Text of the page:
Iran Threatens to Scrap IAEA Deal Over US Push to Condemn It

US seeks a resolution from IAEA's board condemning Iran's deal with the nuclear watchdog

Iran is threatening to cancel a deal it reached with the International Atomic Energy Agency (IAEA) over inspections if the nuclear watchdog’s board adopts a US-led resolution condemning the agreement.

As required by a law passed by Iran’s parliament, Tehran stopped voluntarily complying with the Additional Protocol this week, an aspect of the JCPOA that allowed the IAEA to conduct snap inspections.

Last Sunday, IAEA chief Rafael Grossi struck a three-month deal with Iran’s government to soften the impact of ending the Additional Protocol, a deal the nuclear watchdog is happy with. But the US isn’t happy with the agreement and is calling on the IAEA’s 35-nation Board of Governors to condemn it through a resolution at a scheduled meeting next week.

In a paper sent to the IAEA, the US said it wants a resolution to “express the Board’s deepening concern with respect to Iran’s cooperation with the IAEA.”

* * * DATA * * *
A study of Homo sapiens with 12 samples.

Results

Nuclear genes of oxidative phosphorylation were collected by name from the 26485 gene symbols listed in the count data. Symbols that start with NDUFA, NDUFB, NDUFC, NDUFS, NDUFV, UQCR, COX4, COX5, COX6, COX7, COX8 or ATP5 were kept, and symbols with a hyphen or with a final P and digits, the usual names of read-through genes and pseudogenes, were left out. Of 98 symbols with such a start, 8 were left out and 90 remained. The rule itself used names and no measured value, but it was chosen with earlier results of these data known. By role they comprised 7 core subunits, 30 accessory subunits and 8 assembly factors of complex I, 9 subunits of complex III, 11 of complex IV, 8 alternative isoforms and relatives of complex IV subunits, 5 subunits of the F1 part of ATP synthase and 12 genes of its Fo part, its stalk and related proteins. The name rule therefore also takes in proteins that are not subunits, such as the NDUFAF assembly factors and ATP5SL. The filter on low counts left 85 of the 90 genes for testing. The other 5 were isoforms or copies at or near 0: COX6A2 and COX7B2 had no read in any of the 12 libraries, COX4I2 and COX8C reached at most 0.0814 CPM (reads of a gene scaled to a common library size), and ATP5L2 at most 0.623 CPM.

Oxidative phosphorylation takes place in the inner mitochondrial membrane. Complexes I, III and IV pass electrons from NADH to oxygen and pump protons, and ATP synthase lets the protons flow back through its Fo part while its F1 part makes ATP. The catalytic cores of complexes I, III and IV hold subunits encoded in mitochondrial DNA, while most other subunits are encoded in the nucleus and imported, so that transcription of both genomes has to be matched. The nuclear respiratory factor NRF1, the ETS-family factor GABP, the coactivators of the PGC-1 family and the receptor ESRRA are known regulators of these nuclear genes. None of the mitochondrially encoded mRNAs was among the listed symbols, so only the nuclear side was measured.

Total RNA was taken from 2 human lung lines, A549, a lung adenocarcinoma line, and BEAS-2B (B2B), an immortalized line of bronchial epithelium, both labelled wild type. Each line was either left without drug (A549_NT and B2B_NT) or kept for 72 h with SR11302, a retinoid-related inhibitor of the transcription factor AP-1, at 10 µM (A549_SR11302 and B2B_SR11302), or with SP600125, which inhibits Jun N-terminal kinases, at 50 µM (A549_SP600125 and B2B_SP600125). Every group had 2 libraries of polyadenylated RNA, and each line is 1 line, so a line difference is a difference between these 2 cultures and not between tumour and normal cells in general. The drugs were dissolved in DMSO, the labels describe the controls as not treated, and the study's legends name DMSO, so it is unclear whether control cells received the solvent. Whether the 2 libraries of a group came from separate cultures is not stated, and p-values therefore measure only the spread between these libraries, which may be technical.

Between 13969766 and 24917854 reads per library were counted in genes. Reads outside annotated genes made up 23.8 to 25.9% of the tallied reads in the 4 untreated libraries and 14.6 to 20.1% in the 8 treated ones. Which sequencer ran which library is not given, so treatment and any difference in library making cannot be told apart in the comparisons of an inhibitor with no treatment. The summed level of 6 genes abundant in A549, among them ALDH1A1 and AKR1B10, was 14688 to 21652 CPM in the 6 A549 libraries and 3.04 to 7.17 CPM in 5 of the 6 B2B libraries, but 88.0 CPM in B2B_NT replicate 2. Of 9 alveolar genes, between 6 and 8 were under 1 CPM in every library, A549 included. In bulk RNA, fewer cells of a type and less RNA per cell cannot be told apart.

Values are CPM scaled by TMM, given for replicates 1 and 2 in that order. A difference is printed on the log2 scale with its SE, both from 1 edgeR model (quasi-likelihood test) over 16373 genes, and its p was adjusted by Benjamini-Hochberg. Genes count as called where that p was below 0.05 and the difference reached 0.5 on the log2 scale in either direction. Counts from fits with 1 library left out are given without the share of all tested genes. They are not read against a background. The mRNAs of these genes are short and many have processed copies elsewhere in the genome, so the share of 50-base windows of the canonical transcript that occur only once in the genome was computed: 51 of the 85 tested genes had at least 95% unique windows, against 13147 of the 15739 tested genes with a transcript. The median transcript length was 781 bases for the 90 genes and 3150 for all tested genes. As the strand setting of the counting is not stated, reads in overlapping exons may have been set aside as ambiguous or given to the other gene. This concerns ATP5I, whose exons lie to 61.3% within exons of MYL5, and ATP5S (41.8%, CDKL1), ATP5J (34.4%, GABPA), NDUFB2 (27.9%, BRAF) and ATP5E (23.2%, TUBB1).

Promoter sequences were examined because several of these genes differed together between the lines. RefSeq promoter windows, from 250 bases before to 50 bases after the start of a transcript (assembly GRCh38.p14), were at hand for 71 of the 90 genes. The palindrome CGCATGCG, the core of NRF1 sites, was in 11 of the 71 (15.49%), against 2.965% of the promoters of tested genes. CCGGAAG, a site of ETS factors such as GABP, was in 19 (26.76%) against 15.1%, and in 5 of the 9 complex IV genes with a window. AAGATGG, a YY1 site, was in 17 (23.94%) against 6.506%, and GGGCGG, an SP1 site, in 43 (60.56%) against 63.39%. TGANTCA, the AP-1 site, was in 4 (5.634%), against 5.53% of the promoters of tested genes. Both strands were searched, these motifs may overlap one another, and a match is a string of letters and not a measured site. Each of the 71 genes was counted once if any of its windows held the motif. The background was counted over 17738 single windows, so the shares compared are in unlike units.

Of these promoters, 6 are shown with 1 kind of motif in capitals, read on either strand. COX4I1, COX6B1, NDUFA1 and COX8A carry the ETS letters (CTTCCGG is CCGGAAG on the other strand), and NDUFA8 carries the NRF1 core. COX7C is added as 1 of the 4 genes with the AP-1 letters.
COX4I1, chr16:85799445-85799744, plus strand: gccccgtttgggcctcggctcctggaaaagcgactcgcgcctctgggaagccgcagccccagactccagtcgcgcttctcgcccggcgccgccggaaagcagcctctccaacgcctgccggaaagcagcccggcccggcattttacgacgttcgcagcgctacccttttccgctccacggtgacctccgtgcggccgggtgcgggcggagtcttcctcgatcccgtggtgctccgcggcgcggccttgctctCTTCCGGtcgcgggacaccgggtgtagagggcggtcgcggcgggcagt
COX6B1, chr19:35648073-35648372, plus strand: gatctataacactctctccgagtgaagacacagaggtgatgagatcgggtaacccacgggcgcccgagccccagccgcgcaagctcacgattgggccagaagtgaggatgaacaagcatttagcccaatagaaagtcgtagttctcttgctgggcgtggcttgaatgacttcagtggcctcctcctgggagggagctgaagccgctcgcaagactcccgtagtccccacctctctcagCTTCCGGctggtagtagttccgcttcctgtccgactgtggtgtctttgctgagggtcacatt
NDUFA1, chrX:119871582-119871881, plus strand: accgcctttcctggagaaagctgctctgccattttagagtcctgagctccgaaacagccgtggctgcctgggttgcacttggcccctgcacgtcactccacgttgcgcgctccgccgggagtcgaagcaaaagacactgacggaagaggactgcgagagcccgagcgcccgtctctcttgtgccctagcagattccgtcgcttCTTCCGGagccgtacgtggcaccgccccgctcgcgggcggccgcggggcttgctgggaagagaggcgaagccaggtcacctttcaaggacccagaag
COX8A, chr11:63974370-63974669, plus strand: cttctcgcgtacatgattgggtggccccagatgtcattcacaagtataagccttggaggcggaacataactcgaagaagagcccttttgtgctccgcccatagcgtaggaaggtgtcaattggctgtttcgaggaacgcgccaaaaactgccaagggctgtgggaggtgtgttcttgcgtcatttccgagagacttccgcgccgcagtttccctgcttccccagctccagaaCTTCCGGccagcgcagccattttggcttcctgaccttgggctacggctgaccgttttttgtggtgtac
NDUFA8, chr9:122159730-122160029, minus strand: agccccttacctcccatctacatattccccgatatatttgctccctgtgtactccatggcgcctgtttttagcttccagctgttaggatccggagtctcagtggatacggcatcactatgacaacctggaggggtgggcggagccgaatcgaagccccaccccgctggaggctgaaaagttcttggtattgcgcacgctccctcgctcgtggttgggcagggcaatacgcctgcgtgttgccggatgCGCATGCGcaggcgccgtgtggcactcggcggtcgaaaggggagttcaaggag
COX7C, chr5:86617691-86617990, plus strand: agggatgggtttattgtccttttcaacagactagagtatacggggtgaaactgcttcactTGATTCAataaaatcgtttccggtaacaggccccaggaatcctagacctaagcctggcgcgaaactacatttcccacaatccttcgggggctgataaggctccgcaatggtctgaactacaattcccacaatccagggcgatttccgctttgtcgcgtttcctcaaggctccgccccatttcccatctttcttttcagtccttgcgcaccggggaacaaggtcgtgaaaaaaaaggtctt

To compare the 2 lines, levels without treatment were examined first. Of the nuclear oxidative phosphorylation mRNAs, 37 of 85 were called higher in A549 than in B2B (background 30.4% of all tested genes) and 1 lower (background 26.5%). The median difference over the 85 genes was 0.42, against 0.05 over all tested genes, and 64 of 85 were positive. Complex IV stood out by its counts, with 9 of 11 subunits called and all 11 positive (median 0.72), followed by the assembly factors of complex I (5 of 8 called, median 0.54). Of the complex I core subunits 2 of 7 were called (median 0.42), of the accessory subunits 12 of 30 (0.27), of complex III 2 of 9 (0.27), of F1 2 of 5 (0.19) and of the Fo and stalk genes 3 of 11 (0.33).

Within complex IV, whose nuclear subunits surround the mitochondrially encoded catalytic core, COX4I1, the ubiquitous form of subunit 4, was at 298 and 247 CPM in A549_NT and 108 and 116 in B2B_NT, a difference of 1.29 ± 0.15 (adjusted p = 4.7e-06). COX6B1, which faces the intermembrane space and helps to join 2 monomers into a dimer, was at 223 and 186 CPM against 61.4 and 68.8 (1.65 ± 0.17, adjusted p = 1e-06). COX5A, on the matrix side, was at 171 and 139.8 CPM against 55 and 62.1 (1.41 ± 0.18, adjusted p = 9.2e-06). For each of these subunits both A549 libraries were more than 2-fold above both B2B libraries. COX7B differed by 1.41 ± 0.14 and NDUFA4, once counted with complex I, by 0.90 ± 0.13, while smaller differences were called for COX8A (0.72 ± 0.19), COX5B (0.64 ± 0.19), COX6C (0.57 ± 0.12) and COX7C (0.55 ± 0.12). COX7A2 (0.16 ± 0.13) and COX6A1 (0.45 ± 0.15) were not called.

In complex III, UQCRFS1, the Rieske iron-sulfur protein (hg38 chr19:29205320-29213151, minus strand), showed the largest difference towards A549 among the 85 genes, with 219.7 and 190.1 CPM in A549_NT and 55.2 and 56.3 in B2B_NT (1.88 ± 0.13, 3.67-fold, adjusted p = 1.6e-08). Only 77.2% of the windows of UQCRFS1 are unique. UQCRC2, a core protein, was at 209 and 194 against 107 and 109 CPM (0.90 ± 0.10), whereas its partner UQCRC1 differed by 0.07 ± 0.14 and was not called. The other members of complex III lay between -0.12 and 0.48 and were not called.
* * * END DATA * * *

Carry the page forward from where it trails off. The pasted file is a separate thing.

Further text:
Since the US withdrew from the JCPOA, Iran was not obligated to continue complying with the Additional Protocol or any other limits set by the deal. So naturally, Iran is rejecting the US’s call for a resolution and threatening to scrap the deal reached with Grossi if it is adopted.

“Iran perceives this move as destructive and considers it as an end to the Joint Understanding of 21 February 2021 between the Agency and the Islamic Republic of Iran,’ Iran said in its own paper.

If the US resolution is adopted and Iran scraps the deal, it would just be another example of pressure from Washington and its allies that forces Iran to take steps they later complain about. The law requiring Iran to stop complying with the Additional Protocol was passed in the wake of the assassination of Mohsen Fakhrizadeh, the Iranian scientist who was killed in an apparent Israeli plot.

Author: Dave DeCamp

Dave DeCamp is the news editor of, follow him on Twitter @decampdave.